All businesses have assets. Assets can be broken down into two categories: tangible and intangible. Understand the difference between tangible vs. intangible assets to keep your accounting books and financial statements accurate.
Tangible vs. intangible assets
This difference between tangible and intangible assets affects how you create your small business balance sheet and journal entries.
Read on to learn the differences between tangible assets vs. intangible assets.
Tangible assets are physical items that add value to your business. Tangible assets include cash, land, equipment, vehicles, and inventory.
Tangible assets are depreciated. Depreciation is the process of allocating a tangible asset’s cost over the course of its useful life. An asset’s useful life is the duration it adds value to your business. Generally, assets lose value after a year.
Tangible assets can be further broken down into two categories: current and fixed.
Current assets are liquid items that can easily be converted into cash within one year. These assets are more liquid than fixed assets. Cash, inventory, and accounts receivable are examples of current assets.
Fixed assets, on the other hand, are long-term assets that cannot be converted into cash within one year. Buildings, land, and equipment are examples of fixed assets.
Unlike tangible assets, intangibles are non-physical items that add value to your business. Patents, trademarks, copyrights, and licenses are examples of intangible assets.
Intangible assets are not easy to convert into cash. They are less liquid than fixed assets.
The cost of intangible assets is difficult to determine because they are not physical items. For example, there isn’t a price tag on the value of your company’s logo.
Intangible assets are amortized. Amortization is the process of allocating an intangible asset’s cost over the course of its useful life.
List of tangible assets vs. intangible assets
Tangible vs. intangible assets on the balance sheet
A business balance sheet is a financial statement that lists your company’s assets, liabilities, and equity. Assets are broken up and clearly listed on the balance sheet.
Record both tangible and intangible assets on your balance sheet, with tangible assets being first. Assets are listed from most to least liquid.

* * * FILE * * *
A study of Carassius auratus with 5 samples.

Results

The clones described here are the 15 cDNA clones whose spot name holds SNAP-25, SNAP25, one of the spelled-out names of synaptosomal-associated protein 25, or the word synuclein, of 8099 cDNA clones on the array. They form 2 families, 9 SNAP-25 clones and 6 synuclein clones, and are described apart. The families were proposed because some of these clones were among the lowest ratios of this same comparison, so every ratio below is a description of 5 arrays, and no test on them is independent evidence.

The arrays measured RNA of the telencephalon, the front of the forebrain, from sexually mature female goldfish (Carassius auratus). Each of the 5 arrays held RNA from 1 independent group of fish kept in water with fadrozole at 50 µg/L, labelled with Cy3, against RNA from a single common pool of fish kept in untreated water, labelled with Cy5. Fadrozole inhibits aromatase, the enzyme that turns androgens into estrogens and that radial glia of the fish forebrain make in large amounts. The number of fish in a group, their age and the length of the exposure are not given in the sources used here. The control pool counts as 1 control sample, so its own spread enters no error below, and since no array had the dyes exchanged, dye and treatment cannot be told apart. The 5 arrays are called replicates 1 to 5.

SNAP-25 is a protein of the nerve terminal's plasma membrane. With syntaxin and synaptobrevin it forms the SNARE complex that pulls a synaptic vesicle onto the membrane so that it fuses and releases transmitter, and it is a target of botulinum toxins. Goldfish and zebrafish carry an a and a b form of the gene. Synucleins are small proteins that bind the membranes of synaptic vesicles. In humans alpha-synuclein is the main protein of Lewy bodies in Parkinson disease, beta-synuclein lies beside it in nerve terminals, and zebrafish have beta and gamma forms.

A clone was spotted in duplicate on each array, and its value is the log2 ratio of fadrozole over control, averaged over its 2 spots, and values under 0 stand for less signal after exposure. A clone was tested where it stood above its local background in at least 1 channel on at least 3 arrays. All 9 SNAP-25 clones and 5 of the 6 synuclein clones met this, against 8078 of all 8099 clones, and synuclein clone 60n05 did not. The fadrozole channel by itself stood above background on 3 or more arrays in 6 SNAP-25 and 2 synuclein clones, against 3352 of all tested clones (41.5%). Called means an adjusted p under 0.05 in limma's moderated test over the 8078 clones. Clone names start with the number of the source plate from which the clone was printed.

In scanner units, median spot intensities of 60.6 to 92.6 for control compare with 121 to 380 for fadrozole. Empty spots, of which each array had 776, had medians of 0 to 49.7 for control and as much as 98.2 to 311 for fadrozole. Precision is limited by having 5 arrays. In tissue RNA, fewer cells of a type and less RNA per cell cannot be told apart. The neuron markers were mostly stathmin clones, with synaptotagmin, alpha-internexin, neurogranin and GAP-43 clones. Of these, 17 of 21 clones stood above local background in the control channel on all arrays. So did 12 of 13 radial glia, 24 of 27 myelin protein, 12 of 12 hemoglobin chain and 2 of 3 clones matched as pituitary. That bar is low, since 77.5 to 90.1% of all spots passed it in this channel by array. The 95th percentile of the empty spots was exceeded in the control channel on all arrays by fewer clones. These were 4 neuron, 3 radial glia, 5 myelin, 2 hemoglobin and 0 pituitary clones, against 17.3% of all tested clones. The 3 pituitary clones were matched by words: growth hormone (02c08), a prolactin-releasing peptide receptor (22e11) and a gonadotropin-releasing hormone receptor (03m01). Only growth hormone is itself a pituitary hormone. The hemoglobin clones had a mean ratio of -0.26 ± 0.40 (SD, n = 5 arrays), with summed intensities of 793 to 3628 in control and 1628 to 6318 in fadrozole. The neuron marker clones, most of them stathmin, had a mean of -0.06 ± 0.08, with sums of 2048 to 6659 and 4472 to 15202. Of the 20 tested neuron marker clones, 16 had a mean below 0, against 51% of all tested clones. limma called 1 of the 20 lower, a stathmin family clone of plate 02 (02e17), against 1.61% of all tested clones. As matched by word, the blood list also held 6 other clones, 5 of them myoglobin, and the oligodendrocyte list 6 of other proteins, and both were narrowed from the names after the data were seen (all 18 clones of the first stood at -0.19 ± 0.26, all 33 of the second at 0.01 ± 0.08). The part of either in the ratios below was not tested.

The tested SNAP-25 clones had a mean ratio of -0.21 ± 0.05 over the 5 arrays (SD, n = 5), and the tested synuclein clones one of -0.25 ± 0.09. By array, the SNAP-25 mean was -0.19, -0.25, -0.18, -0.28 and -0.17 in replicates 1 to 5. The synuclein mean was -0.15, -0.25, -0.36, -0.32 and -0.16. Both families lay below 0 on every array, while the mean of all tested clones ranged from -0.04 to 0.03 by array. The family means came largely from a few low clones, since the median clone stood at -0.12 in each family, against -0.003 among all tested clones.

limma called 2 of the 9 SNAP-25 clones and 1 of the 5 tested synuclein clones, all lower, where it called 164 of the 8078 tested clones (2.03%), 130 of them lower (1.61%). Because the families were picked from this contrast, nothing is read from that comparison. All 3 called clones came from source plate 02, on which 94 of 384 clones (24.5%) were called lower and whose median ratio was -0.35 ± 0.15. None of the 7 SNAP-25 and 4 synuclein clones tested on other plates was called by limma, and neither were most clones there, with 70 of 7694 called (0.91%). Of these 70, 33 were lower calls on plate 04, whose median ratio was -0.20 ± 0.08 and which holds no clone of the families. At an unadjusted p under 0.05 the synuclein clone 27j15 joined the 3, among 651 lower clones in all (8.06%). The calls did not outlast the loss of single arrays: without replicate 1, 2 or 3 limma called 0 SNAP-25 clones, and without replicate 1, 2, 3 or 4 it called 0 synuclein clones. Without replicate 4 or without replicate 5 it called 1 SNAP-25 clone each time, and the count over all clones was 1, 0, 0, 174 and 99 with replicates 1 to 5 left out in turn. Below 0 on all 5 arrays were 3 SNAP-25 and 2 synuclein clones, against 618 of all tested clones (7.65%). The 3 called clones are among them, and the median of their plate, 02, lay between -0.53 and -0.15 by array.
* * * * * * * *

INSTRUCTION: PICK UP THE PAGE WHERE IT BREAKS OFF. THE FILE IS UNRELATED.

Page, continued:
You must break down tangible assets when listing your property on this financial statement. List your current assets first, followed by your fixed assets. Then, list your intangible assets.
Generally, you can only record acquired intangible assets on your balance sheet, meaning assets you obtain from another business. You will not include intangible assets that your company internally generated (e.g., a patent you purchased).
Tangible assets and intangible assets in accounting
You must know how to record tangible and intangible assets in accounting. Keep in mind that assets are increased by debits and decreased by credits.
Let’s say you spend $5,000 on inventory, a tangible asset. You will need to debit your inventory account (because it is increasing) and credit your cash account (because it is decreasing). The same would be true if you spent $5,000 on a patent, an intangible asset.
Depreciation and amortization
Depreciation and amortization paint a more accurate picture of your company’s finances. These processes spread out a big expense over the course of several years.
Accounting for intangible assets and tangible assets gets tricky when you factor in depreciation and amortization for long-term assets. Again, you depreciate tangible assets and amortize intangible assets.
List depreciation and amortization expenses on your income statement.
Like assets, depreciation and amortization expenses are increased by debits and decreased by credits.
The IRS lists two methods of depreciation you can use, which are straight-line and accelerated depreciation. Straight-line depreciation spreads out an asset’s cost evenly (by dividing the total cost by its useful life) while accelerated depreciation deducts a higher percentage in the first few years, then less later on.
To create journal entries for depreciation expenses, you must debit your depreciation expense account and credit your accumulated depreciation account.
Let’s say you purchase a vehicle for $20,000 with a useful life of five years. Using straight-line depreciation, divide the cost by the useful life. This gives you an annual depreciation expense of $4,000. Your journal entry would look like this:
Amortization works similarly to depreciation. You can find an amortization expense by dividing an intangible asset’s cost by its useful life.
Then, create journal entries that show how much your annual amortization expense is. Debit your amortization expense account and credit the intangible asset account.
Let’s say you purchase a patent with a useful life of 14 years for $14,000. After dividing the cost by the lifespan ($14,000 / 14), your annual amortization expense is $1,000. Your journal entry would look like this:
|Patent on ABC||1,000||
Tangible vs. intangible assets and taxes
Tangible and intangible assets can benefit your business come tax time, too. You can reduce your tax liability through depreciation and amortization. Depreciation and amortization are tax deductions you can claim with the IRS.